Reconstructing Order: The Spatial Arrangements of Plants in the Hortus Botanicus of Leiden University in Its First Years


This study focuses on the life and work of the sixteenth-century botanist Carolus Clusius in the context of court culture. Before accepting a position at the university in Leiden at the age of 67, Clusius spent a large part of his career at the courts of emperors, princes and aristocrats in Middle-Europe. There he met a wealthy and well-educated elite, who shared his passion for plants, gardens and travelling. But he also encountered a rich diversity of interests and approaches regarding the study of plants. These differences were used by Clusius to establish his authority as a professional botanist and to determine the standards for the proper scientific study of plants.
Thesis (Ph. D.)--Harvard University, 1975. "Annex: 'Renaissance humanism and botany, ' Annals of science 33 (1976), 519-542 [and] 'Publishing scholarly books in the sixteenth century, ' Scholarly publishing, April 1983, 259-274." Includes bibliographical references (p. 261-283) and index.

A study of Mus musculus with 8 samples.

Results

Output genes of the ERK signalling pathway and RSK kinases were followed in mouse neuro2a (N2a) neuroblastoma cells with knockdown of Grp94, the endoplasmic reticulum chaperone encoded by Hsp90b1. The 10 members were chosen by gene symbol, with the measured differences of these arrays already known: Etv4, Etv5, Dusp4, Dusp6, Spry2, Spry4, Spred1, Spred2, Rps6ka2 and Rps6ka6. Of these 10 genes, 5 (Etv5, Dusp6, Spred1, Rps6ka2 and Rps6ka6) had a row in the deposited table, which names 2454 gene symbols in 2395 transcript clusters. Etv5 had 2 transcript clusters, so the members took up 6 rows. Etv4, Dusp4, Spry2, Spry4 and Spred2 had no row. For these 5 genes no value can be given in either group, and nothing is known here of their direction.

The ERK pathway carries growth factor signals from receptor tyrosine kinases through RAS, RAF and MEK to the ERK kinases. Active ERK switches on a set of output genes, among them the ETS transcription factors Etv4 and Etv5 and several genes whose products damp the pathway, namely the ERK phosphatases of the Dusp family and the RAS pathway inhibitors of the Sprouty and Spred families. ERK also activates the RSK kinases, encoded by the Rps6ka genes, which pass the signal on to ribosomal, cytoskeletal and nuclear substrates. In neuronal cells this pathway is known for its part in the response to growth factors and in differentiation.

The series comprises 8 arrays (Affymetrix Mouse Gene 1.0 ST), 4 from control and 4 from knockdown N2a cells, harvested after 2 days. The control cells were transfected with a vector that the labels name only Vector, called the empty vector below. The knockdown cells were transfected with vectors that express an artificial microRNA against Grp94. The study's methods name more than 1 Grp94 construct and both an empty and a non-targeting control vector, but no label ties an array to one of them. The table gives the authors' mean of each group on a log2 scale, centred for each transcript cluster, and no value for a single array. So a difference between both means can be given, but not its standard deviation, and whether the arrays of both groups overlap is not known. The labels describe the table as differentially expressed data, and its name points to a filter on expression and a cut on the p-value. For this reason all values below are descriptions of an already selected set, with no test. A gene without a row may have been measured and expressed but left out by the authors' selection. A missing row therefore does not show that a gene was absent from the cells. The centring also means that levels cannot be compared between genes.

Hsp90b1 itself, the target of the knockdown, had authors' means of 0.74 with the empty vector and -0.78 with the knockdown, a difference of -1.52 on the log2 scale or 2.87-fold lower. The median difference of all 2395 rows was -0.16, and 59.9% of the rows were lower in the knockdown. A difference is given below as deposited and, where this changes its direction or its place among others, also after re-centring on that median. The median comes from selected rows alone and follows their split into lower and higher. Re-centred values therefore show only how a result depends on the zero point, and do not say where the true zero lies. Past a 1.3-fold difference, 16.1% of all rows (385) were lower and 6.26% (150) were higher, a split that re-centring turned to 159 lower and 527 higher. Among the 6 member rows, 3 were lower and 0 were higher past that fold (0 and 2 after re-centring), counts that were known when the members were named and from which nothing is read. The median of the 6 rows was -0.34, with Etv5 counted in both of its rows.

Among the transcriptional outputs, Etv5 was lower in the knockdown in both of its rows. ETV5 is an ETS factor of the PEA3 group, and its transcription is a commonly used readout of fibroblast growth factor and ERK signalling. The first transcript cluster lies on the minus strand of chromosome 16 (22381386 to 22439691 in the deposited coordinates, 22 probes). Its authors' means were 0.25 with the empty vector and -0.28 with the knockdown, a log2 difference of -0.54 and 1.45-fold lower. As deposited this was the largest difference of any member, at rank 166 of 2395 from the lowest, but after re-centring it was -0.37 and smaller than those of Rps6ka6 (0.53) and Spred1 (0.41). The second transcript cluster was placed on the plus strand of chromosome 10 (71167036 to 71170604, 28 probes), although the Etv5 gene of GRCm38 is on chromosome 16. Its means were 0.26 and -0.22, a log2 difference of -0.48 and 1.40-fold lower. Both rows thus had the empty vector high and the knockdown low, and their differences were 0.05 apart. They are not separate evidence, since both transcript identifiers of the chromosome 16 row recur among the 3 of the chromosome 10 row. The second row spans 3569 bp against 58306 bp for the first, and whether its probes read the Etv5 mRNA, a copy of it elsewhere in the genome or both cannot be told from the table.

Auch im Buchh. beim Dt. Kunstverl., Berlin, als: Kunstwiss. Studien. Bd 24. Karlsruhe, TeH., Diss., 1939.
A description of 17th century anatomical activity at the major Dutch university in a cultural context This study offers a history of the Leiden anatomical theatre in the first century of its existence; who were the scientists working there in the 17th century, the Dutch Golden Age. What was the motivation of these scholars for studying and demonstrating the human body? Was it purely medical or were their other - more philosophical - questions at stake? Besides a cultural historical account of the anatomical theatre the dissertation also offers the histories of other centres of anatomical activity in 17th century Leiden: the Collegium Medico Practicum at the Caecilia Hospital, and Leiden's surgeons guild.